Fatherhood Institute E-newsletter
This book will offer invaluable insights for anyone concerned with families with a disabled child. The fathers talk movingly about how they responded when they realised their child was disabled – the grief, the sense of loss, the challenges, but above all the enduring love, the sense of pride and connection to their child, and the stories of what they have learnt and gained along the way' This book should give confidence and inspiration to health and social care professionals to engage with fathers'.
GAP Good Autism Practice
This book is a must read for any parent who has a child with a disability. There is at least one story that families can relate to. Dads may also feel they are not alone, while mums may no realise the father's perspective. It is an easy read although the subject material is sometimes distressing. This is the reality and I believe a greater understanding will be developed. In Summary this book provides an excellent resource and is very informative. As a dad and a professional myself, I can recommend this wholeheartedly.
David Cameron, Prime Minister
It is a great idea to draw together stories of fathers' experiences in bringing up disabled children. One of the ways parents manage to cope is to know that others have been through the same experiences. Then you learn that it isn't just about coping – there are positive stories to tell.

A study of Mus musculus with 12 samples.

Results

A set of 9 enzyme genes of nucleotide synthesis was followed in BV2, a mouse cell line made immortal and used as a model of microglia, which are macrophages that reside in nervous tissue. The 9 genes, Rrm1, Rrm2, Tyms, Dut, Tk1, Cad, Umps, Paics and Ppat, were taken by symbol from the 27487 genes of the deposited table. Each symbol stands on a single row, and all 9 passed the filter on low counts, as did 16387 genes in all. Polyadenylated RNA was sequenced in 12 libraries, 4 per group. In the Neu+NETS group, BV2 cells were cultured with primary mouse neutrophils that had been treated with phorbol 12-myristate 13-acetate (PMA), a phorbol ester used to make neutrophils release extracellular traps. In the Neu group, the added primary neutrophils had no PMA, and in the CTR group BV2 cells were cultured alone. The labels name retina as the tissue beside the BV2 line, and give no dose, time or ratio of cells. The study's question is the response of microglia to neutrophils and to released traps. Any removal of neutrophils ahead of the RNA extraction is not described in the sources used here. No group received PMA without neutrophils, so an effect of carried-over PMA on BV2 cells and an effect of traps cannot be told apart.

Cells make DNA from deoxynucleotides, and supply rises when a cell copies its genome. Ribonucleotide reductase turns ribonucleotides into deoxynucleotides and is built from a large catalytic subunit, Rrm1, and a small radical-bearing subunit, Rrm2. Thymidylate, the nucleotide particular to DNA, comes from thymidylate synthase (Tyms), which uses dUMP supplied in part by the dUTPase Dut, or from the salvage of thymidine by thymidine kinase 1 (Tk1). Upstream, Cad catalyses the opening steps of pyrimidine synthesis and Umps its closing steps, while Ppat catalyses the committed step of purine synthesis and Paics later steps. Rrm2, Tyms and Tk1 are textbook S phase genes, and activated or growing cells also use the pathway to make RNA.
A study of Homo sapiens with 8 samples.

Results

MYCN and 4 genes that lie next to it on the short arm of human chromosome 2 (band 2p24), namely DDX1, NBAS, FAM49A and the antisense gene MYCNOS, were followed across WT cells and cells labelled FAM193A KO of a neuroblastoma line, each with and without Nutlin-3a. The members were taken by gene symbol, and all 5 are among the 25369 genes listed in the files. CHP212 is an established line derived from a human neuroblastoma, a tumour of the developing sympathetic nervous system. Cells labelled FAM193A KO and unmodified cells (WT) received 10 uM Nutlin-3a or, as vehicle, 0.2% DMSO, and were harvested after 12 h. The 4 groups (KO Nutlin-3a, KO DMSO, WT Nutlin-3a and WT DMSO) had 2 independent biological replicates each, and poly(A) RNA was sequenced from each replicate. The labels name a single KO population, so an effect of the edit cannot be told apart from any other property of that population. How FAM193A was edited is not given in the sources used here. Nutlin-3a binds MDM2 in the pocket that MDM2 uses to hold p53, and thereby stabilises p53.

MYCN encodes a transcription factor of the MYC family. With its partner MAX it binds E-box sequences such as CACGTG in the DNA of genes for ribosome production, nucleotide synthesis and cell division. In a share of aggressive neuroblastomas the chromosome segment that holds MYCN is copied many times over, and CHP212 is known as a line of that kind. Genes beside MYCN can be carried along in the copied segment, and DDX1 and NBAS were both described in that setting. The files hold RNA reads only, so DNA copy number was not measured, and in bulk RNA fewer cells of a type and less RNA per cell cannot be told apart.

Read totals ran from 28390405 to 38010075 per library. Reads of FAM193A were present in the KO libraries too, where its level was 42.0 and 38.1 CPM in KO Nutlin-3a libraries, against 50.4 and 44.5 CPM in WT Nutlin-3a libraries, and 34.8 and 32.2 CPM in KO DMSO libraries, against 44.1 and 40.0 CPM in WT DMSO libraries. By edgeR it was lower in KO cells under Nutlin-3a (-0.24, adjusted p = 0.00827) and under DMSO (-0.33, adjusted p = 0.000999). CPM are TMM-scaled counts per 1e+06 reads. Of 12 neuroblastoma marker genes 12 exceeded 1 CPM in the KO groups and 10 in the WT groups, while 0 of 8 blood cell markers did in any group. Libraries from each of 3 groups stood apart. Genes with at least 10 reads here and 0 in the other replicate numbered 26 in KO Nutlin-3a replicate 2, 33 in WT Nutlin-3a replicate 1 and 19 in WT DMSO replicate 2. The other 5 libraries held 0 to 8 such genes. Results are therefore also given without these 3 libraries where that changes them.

Families Need Fathers
I found this incredibly moving and difficult to read without crying. It is impossible to read in one sitting, but good to dip into, to be reminded of how difficult the position can be. There are 21 stories of dads in different circumstances with disabled children. Some are married, or live with partners. Others are raising children alone. Some are divorced and having trouble keeping contact with their children. The conclusion is very useful, full of helpful hints on how to obtain support and do the right thing for the children. It is difficult, but not impossible to be the father of a child affected by disability…It is a very encouraging work, and well worth reading.
“Us men” do not readily express our feelings and to have a book that expresses men's thoughts and feelings towards their own disabled child was a great opportunity to see whether there are other dads out there who feel like me. The book gives the reader an amazing insight to these 21 very different Dads' lives, each giving an account of their child's disability, their feelings, family background and their child's development. Each account ends with a piece of advice from these dads to other fathers and there are many various offers of advice, but the overwhelming sense of strength and optimism is clear and humbling to read…I certainly could connect and identify with many of these dads and would recommend it to other dads of children with hemiplegia to read because the overriding positive comments do make you reflect on your own well being: John (dad of two-year-old Rhiannon) says, “if able-bodied people had the same determination as disabled folk, then we would all be winners.”